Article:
Forest plots using R and ggplot2

Forest plots are most commonly used in reporting meta-analyses, but can be profitably used to summarise the results of a fitted model. They essentially display the estimates for model parameters and their corresponding confidence intervals.

Matt Shotwell just posted a message to the R-help mailing list with his lattice-based solution to the problem of creating forest plots in R. I just figured out how to create a forest plot for a consulting report using ggplot2. The availability of the geom_pointrange layer makes this process very easy!!

Update January 26, 2016: ggplot2 has changed a bit in the last five years. I’ve created a gist that will be easier to maintain. The link is here. <- function(d){
 # d is a data frame with 4 columns
 # d$x gives variable names
 # d$y gives center point
 # d$ylo gives lower limits
 # d$yhi gives upper limits
 p <- ggplot(d, aes(x=x, y=y, ymin=ylo, ymax=yhi))+
 geom_hline(yintercept = 0, linetype=2)+

If we start with some dummy data, like

d <- data.frame(x = toupper(letters[1:10]),
                y = rnorm(10, 0, 0.1))
d <- transform(d, ylo = y-1/10, yhi=y+1/10)

we can get the following graph:



  1. Abhijit,

    Thanks for the mention and nice post. I think the ggplot2 solution to this is really more simple than anything we can do with lattice. Unfortunately, I’m still procrastinating about learning ggplot2 well enough for every-day use. Examples like this make it easier, I think.


    1. Matt,

      I learned a lot from our useR meetup talk this month by Harlan Harris (available at the DC useR meetup site, and also on Harlan’s blog). I learned lattice first and was partial to it for a long time, mainly due to its quickness compared to ggplot. However, once I realized the “logic” behind creating plots in ggplot, it seemed very easy and flexible. The speed thing still irks me, but for smallish data sets its my preferred graphics platform in R now.


  2. Abhijit,

    Thanks for the excellent post. This can be especially useful in genetics. Would you care if I slightly modified the code and reposted to my own blog, citing this post of course?


    1. Stephen,

      Feel free to modify and post this code. It’s pretty rough, and not production quality. It’s really proof-of-principle code, and very easy code at that.


    2. Hi Steve, have you been able to code it to obtain a “diamond” for the summary of all data? I have been struggling on this for quite some time now.

    1. Well, if you use either Matt’s function or mine (mine would need some more polish, and the Getting Genetics Done blog might have a more polished version soon), it is equally easy right now, since both are presented as generic R functions, and the inner workings would be hidden to the user 🙂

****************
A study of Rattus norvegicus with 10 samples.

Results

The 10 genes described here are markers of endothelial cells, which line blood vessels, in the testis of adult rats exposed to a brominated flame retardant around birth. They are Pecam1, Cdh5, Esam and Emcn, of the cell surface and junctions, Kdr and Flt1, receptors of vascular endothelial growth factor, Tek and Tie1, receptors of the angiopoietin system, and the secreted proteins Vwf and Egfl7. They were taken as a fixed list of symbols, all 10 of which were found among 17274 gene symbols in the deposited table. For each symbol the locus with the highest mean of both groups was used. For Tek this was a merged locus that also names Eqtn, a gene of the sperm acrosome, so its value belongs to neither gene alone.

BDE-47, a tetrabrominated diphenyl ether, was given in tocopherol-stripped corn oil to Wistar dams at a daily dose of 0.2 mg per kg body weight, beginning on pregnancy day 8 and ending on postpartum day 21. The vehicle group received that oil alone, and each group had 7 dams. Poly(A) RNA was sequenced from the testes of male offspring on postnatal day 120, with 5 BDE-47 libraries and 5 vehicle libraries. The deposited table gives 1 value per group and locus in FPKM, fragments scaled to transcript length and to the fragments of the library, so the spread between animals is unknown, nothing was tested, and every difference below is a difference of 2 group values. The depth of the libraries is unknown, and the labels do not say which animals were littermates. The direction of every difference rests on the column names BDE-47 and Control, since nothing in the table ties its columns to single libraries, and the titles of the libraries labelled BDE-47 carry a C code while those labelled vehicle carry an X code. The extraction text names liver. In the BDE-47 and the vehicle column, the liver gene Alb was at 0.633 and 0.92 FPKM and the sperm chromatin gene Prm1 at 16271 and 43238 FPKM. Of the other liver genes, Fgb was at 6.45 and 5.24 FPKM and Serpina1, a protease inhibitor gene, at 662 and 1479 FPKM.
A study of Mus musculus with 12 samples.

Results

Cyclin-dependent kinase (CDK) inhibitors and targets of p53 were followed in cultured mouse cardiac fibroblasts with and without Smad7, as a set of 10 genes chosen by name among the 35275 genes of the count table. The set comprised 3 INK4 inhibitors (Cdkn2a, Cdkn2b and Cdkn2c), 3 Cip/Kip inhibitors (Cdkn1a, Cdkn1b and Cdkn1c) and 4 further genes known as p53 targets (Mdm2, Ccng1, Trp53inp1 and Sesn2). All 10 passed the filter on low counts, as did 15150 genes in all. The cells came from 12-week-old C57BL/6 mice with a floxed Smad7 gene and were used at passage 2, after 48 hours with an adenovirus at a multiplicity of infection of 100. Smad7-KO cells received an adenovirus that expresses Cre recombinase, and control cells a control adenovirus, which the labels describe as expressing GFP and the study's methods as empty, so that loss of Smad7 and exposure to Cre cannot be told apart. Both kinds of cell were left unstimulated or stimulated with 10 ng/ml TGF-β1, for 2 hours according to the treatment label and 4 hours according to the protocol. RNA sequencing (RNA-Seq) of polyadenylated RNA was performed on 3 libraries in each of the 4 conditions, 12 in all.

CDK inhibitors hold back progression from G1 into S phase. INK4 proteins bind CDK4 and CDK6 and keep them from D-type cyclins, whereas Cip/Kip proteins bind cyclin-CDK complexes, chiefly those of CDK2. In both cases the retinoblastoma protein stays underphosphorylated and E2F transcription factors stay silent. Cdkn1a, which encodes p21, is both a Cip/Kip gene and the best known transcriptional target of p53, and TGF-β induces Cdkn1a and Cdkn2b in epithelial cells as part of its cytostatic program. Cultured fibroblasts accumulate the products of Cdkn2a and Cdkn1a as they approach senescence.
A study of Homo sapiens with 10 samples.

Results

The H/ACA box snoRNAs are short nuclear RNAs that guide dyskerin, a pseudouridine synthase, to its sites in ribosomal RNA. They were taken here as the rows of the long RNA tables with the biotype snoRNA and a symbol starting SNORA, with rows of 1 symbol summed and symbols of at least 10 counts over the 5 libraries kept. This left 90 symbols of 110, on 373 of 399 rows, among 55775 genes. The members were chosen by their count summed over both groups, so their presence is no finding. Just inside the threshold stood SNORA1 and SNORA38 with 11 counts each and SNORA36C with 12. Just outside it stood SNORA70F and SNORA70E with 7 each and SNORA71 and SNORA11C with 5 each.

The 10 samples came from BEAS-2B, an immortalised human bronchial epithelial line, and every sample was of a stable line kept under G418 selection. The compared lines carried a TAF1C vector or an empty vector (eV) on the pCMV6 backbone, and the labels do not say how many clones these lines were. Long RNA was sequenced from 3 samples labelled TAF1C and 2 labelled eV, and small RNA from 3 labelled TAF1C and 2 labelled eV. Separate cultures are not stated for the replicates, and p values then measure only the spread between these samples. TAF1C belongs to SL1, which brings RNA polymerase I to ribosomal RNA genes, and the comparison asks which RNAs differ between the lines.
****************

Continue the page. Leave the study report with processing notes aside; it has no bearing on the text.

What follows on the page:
Both graphics engines have a learning curve. lattice is closer in syntactical spirit to base graphics and a lot of R’s formula and conditioning syntax in general, so it might have a more familiar feel for a newcomer. ggplot2 has syntax that is not quite so straightforward (and abuses some conventions), but it has made some sounder graphical choices and makes it easier to build customizable graphs once you understand the logic of building layers to make up a graph (in other words, the grammar). I started with lattice for many years and resisted moving to ggplot2, but now, I tend to use ggplot2 more for my quick graphing needs. If something doesn’t work in ggplot2, I will go back to lattice or base graphics.

      Deepayan Sarkar’s book on lattice is a pretty good starting point. Hadley Wickham’s book and website on ggplot2 are good references, but I’d look for online tutorials (like the DC, Bay Area and New York R meetup sites, or the Learn R blog) to get an initial start.

  3. Hi Abiji,
    Wondering if I can add a table with the Beta’s at the side of this graph? If there is any link you can provide which can be useful to add more details to Forest plot for publication?

  4. HI Everyone,
    The forest plot is very nice. However, I have a question: it display at most 24 variables names on the forest plot after I tried to do that. Would you please telling me how to display more than 24 variables names on forest plot?
    Thanks a lot!

  5. Hi Abhijit,
    Thanks for the magical code. It works great! I used your and Matt’s code to do my forest plot available here: ( Now, I want to extend my horizon a bit by including 4 parameters (represented via legends) within each study. Is it possible to achieve this by adding something to your code? Like in ggplot2 we know we have fill=parameter.


    1. Well, 4 parameters in a plot is difficult in the best of times. My solution uses ggplot2, so all the stuff you can do in ggplot2 is applicable. All I’m really using is geom_pointrange as the geom. if you want to add fill, color, and other kinds of parameters, it should be pretty straightforward.

    2. Hi Akshay, could you kindly provide me your R code to produce this pretty forest plot. I really need it to better explain the result of a glm poisson fit.
      Really tahnks in advance for you support!

  6. Dear Abhijit,
    when triyng to run your script for the forest plot I get this error message
    “Error: geom_hline requires the following missing aesthetics: yintercept”
    Have you any idea to solve this kind of problem?
    Thanks in advance for your kindly reply.

  7. Thanks for the code Abhjit, saved me oodles of time in trying to figure out how to plot my OR’s and their limits.